Many people talk about 3D printing technology, but unfortunatelly most are aware only of its basics. So what exactly is this „3D printing”? Those who do not have contact with it perceive it as something exceptionally spectacular, unusual and magical in its own way. Well, in fact as a whole concept it’s quite an easy stuff.

Let’s start with basic definition:

  • 3D printing is a manufacturing method, where a device called 3D printer, is applying layers of material, bonding them selectively
  • there are many different varieties of this method, divided according to the material used and the way it is bonded.

For example:

  • we can use plastick in form of a wire, melt it in special nozzle, and apply it on a plate – called printbed; with melted plactic we can draw a flat shape in X and Y axis, making the first layer of the object we want to create
  • then we either move the nozzle up or lower the printbed down and draw another shape – apply another layer of material
  • the melted plastic cools down on the surface of the printbed and on the surface of the already printed layer, making a solid structure
  • when all the layers are applied, we have our object completed.

  • when it comes to material, instead of plastic, we can use a light-curing resin
  • we pour the resin into the container and photopolymerize it selectively, using a laser beam or by displaying an image from a DLP or LCD projector
  • depending on light source, this method is called SLA (for stereolitography) or DLP or UV LCD.

We can also use powdered plastic or metal that are sintered with laser, or use alternative techniques involving chemical agents and heating. We can print things with gypsum powder in full color. We can apply hydrogels, ceramic masses and many other materials.

In other words: we call 3D printing every manufacturing process, where we make an object by applying layers of materials one on another. That’s it. No magic in it…

3D printing have been brought to life as an alternative way of making prototypes. The advantages of this method over others are:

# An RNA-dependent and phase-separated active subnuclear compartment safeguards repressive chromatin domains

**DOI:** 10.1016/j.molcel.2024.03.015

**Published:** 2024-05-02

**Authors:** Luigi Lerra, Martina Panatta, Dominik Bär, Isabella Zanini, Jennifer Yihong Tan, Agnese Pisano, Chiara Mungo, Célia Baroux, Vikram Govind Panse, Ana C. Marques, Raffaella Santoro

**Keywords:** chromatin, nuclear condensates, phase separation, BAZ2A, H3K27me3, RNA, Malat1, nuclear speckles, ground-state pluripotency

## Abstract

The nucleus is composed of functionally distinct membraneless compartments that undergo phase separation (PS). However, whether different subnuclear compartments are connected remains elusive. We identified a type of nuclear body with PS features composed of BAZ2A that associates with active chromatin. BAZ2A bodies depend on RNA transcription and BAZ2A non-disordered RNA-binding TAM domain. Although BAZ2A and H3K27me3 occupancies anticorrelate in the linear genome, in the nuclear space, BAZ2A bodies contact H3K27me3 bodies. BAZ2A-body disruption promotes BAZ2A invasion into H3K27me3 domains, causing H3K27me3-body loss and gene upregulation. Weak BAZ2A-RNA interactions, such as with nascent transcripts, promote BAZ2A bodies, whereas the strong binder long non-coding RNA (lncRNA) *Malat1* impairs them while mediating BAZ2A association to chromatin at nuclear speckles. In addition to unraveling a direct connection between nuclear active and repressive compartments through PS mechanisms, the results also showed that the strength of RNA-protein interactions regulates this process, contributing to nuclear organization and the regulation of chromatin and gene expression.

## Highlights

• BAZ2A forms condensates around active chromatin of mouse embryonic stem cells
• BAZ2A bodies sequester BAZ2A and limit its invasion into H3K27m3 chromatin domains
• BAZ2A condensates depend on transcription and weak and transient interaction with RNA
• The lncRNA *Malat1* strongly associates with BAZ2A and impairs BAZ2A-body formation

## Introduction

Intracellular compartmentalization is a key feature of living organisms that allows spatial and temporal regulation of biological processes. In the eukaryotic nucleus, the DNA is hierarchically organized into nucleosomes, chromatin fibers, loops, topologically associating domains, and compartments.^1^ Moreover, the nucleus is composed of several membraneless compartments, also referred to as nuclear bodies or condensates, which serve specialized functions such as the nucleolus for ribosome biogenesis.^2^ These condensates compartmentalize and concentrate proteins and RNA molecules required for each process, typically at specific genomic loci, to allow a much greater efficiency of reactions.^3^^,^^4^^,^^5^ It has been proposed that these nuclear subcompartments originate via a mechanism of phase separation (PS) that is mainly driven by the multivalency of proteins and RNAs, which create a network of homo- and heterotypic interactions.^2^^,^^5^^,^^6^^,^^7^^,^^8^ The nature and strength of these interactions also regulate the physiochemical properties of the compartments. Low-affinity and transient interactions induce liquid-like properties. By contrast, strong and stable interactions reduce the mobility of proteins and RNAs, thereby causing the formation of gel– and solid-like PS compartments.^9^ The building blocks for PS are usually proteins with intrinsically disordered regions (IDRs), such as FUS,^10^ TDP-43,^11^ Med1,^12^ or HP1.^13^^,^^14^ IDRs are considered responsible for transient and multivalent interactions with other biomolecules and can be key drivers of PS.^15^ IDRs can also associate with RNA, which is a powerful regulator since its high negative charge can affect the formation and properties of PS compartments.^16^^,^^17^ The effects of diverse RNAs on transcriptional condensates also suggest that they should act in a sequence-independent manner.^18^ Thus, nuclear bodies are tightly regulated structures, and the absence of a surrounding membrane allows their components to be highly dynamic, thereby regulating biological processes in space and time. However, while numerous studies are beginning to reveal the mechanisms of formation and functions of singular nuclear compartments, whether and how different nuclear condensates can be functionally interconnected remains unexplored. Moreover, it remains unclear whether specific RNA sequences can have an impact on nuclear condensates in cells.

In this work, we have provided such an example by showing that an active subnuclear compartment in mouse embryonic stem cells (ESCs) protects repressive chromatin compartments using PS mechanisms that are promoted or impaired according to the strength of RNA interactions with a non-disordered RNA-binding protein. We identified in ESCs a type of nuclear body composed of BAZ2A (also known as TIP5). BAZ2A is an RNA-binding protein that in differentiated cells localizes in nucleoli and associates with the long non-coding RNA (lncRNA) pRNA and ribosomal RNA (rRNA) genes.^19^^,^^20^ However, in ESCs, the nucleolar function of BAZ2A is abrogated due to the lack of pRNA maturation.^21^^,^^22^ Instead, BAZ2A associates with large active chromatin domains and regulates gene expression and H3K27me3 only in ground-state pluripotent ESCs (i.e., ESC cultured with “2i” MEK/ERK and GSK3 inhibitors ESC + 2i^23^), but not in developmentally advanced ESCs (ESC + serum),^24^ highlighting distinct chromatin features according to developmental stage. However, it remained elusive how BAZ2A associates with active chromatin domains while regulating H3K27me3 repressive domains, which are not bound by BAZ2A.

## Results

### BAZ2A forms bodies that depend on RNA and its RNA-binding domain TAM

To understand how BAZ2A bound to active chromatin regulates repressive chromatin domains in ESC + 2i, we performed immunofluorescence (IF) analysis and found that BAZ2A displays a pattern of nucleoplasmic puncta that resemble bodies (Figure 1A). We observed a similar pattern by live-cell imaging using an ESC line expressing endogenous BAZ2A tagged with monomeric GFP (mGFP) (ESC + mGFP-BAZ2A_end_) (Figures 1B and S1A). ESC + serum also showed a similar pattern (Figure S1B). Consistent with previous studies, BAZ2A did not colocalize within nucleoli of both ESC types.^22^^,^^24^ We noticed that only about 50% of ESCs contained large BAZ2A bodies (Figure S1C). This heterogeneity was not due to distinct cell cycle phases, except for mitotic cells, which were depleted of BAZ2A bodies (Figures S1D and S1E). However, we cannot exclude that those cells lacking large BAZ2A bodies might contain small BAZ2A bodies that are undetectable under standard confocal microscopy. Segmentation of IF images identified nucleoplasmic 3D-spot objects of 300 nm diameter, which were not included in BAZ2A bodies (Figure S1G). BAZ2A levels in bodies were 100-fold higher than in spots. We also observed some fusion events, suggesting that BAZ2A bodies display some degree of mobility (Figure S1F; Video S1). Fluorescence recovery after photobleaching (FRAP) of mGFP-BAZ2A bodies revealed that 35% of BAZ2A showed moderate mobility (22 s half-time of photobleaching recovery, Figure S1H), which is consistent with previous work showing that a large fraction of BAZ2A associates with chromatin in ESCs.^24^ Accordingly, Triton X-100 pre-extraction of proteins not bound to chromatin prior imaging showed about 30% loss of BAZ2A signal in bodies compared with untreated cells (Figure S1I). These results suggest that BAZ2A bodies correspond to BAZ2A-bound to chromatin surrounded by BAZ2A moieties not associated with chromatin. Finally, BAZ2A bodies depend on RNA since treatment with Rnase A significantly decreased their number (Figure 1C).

• short production time
  • low production costs
  • ability to make quick changes to given design and correct the product
  • ability to make very complex geometries, that cannot be done with any other technique
  • and easy and cheap personalization.

To sum up, as a rule – from which are exceptions!, 3D printing:

  • is the fastest
  • is the cheapest
  • is to create the most complex geometries.

At the same time, it has disadvantages… The biggest are the quality of the model’s surface, which for now is not able to match injection molding, casting or CNC milling. I’m talking about the layers, which in different techniques are more or less visible. Of course you can polish the surface, paint it etc., but additional time, equipment and skills are required.

Another disadvantage is the lack of effectivity in high volume production. As long as we are manufacturing a few to several dozen of details, the advantage is on the 3D printing side. When we enter in numbers of hundreds – thousands – millions of pieces, traditional production methods are unrivaled in this respect.

So in terms of industrial manufacturing, the thing to remember is:

  • ADDITIVE MANUFACTURING = single items or low production series

The process of creating things using additive technologies can be divided into four stages:

  • 3D MODEL – first the designer designs the thing in a 3D modeling program. It can be any program – all it has to do is create a thing in three dimensions and save it in one of the extensions used in 3D printing: STL, OBJ, or 3MF. THING TO REMEMBER: An experienced and advanced designer will already know at this point what 3D printing technology will be used for manufacturing and what material it will be made of.
  • PREPARE THE 3D MODEL FOR 3D PRINTING – the model must be prepared for 3D printing, with particular emphasis on the technology in which it will be made, the material from which it will be printed and the 3D printer model. The model should be properly oriented in the working chamber and support structures should be generated (a 3D printer cannot print things in the air). Supports are usually generated automatically, but we can edit them – add or remove them.
  • POST-PROCESSING – depending on the manufacturing method, post-processing looks different. We need to clean the printed part from supports, material remnants and possibly sand it in the places where the supports meet the model. In some cases, in FDM / FFF technology, post-processing is completely unnecessary – the 3D model is ready for use immediately after being removed from the 3D printer, but in other methods it is more complex and complicated.

What’s important, working in the 3D printing industry, we can deal with all four stages or specialize in only one of them.

If you want to know how to start 3D printing business – read one of our articles on this subject:

Paweł Ślusarczyk
CEO of 3D Printing Center. Has over 15 years' experience in buisiness, gained in IT, advertising and polygraphy. Part of 3D printing industry since 2013.